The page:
Wed, 9th Jun 2010 14:45

The Pavilion Gardens

 
  Lot 31
 

1934 Triumph Gloria Speed Model Tourer

Estimated at £30,000 - £40,000


Lot details
Registration No: AYW 725
Chassis No: 41777
Mot Expiry: T.B.A.

Introduced in 1933, the Gloria model series helped cement Triumph's reputation as a manufacturer of distinctly sporting motor cars. Based on a sturdy cross-braced chassis equipped with an underslung rear axle, all-round semi-elliptic leaf-sprung suspension and four-wheel hydraulic drum brakes, the newcomers were powered by Coventry Climax designed - but Triumph modified and built - IOE (inlet over exhaust valve) four- and six-cylinder engines. Four-speed gearboxes were fitted as standard and incorporated an ingenious freewheeling mechanism that permitted clutchless gear changing. Able to call upon the styling talents of Frank Warner and Walter Belgrove, the Coventry firm constructed much of its own coachwork (though, Cross & Ellis, Avon and Salmons bodied various drophead coupes). Recruited some two years after his famous Monte Carlo Rally victory aboard an Invicta S-type, Donald Healey wasted little time in furthering Triumph's competition pedigree. Thus, Gloria variants claimed class victory on both the 1934 and 1935 Monte Carlo Rallies.

Decidedly rakish yet surprisingly practical, the Gloria Speed Model Tourer made good use of Triumph's patented system whereby the shape of its doors could be altered from a 'straight edge' to a 'cut away' profile depending upon the occupants' wishes. Surprisingly, no other manufacturer worldwide adopted this feature which for the period must have been quite a 'party piece' (though, perhaps they were deterred by the associated royalty fees). Priced at £285, the elegant four-seater was a credible rival to similar machines from the likes of Riley, SS, MG and even Aston Martin. Topped by twin Zenith carburettors, its 1087cc four-cylinder engine reputedly endowed the Speed Model with a nigh-on 70 mph top speed. However, it was the car's light, precise steering, powerful brakes and sweet gear change which charmed the contemporary motoring press. The Pre-1940 Triumph Owners' Club estimates that just 1,700 four-cylinder Glorias of all types were made between August 1933 and July 1934.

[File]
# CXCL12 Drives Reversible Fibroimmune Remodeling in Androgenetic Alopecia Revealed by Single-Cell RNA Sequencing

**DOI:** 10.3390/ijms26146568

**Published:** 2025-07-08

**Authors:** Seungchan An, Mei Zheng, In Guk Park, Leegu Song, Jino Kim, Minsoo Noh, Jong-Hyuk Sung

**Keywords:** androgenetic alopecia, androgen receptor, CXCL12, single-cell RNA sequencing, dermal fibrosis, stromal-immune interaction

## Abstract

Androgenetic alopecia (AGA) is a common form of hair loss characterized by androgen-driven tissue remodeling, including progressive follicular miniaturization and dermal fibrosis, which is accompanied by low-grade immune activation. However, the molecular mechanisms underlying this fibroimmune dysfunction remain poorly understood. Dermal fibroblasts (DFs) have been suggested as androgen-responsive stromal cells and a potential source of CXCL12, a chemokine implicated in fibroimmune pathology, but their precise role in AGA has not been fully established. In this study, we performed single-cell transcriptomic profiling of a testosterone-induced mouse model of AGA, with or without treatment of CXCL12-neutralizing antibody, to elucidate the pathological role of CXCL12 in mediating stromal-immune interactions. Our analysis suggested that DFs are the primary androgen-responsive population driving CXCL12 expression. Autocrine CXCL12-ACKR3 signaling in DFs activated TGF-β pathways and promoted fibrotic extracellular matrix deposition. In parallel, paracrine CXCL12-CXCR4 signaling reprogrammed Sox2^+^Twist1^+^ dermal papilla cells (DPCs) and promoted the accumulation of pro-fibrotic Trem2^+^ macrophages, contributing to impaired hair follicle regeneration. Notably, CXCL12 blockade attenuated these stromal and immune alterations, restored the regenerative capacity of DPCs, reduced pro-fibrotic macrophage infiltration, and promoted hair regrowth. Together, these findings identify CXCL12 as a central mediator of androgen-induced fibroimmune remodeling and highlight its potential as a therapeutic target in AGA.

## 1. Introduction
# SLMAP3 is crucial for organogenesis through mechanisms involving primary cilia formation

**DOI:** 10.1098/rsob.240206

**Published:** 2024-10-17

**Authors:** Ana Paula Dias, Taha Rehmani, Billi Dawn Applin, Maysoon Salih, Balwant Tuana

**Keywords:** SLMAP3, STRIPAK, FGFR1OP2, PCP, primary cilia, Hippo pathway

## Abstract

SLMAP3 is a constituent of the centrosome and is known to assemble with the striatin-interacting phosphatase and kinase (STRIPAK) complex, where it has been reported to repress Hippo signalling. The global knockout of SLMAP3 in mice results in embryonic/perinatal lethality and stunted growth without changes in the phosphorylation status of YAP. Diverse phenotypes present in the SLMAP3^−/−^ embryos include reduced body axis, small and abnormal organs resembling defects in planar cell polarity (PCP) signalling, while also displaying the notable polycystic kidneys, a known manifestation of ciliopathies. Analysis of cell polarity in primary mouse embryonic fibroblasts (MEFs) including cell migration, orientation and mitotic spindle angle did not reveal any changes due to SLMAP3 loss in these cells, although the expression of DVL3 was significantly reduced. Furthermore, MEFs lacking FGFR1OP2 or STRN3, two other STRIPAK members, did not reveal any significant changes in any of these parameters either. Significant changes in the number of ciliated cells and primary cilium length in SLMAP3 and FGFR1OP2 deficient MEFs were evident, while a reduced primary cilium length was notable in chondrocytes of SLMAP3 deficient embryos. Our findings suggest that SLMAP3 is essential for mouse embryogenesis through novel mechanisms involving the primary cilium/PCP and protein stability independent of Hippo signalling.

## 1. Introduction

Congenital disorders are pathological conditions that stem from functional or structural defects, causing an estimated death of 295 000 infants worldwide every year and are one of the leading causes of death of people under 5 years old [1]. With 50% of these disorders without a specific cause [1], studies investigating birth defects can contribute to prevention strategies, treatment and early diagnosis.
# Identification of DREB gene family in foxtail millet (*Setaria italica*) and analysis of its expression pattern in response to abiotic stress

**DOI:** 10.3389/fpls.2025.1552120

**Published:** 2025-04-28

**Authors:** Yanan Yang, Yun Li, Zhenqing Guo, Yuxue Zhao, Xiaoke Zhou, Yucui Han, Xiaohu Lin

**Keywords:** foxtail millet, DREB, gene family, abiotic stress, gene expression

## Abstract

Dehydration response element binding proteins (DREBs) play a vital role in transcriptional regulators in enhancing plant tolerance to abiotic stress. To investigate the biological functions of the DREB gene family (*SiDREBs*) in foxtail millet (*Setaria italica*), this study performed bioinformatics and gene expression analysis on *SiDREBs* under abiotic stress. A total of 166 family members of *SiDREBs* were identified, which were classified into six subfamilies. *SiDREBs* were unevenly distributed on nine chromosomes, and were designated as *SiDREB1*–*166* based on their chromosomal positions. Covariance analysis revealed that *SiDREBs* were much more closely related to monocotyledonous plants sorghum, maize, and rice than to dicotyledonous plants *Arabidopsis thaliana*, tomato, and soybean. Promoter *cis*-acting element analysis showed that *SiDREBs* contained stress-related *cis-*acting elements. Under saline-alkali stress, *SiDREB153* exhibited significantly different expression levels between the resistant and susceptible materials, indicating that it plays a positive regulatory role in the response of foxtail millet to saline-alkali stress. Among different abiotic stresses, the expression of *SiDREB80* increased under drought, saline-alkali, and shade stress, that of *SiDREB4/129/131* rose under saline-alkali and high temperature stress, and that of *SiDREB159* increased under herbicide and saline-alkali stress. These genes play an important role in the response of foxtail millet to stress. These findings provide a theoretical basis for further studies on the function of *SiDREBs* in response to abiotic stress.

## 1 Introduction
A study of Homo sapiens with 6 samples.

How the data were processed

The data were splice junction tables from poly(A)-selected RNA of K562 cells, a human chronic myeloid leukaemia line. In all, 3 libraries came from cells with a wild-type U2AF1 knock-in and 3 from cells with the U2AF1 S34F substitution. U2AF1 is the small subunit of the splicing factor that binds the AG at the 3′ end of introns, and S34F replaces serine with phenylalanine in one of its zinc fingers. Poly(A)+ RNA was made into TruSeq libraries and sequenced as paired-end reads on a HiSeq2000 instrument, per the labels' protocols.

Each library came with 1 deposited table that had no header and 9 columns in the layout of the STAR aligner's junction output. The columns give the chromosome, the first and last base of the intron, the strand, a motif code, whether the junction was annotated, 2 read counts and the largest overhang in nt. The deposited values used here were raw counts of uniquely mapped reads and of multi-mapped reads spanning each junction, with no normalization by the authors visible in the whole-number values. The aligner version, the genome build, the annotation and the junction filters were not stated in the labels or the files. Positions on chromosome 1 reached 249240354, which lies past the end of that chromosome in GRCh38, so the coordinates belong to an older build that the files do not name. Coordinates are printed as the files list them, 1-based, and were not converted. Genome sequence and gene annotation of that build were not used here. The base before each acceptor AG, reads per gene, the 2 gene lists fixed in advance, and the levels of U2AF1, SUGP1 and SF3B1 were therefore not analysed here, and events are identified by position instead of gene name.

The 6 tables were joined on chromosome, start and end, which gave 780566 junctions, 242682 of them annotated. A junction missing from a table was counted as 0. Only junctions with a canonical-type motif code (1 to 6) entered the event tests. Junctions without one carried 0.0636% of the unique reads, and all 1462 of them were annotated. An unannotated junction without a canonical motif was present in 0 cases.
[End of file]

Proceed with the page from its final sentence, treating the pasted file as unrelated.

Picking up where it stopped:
This particular example - chassis number 41777 - was prepared for, and exhibited on, Triumph's stand at the October 1933 London Motor Show. Finished in gloss black with red detailing, the Gloria Speed Model Tourer made an indelible impression on its would-be first owner. Recently married he was unable to afford the car but remained smitten enough to return to Triumph's London Motor Show stand some twelve months on. Less taken by the marque's 1935-model year line-up, he enquired after chassis 41777 and when told that it had been retained as a demonstrator promptly made a successful offer. Immensely proud of his new acquisition, the first owner treated it to a Desmo accessory mascot. Responsible for installing a heater and sidelights during the 1950s, that same decade saw him overseeing minor repairs after a motorcyclist slid into the car's rear. Very much part of the family, the Gloria Speed Model Tourer was inherited by his son who only sold it to the vendor in 1984.

Quite remarkably the Triumph appears to retain the vast majority of its original cellulose paintwork and leather upholstery. Indeed, the vendor informs us that "the car has never been restored and is presented, with some wear and tear, almost as it was sold". Over the course of the last twenty-six years, the four-seater has been treated to a fresh coat of paint for its wire wheels, renewed hood / sidescreens / tonneau cover (all remade to the original patterns) and sundry re-chroming (headlamps, windscreen side pillars). While more recently it has benefited from a new clutch plate and thorough engine overhaul including conversion to shell bearings. As well as a set of original spark plugs and tools, the under bonnet area plays host to an oil can, auxiliary 'starter' button and special lighting. The veteran of numerous rallies (one of which saw it sustain a slightly dented wing since straightened), chassis 41777 is believed by the vendor to be "one of just two 1934 Triumph Gloria Speed Model Tourers currently in running order". Again to the best of his knowledge, he considers the car to be "totally authentic in all its details and the only pre-WW2 Triumph in running order that has never been restored".

A true timewarp with a lovely ownership history, this very rare Post Vintage Thoroughbred is potentially eligible for a host of VSCC and Pre-1940 Triumph Owners' Club events. A wonderful motor car, it is a 'must see' for those who appreciate originality and character.

PLEASE NOTE: This vehicle does not have an MOT certificate.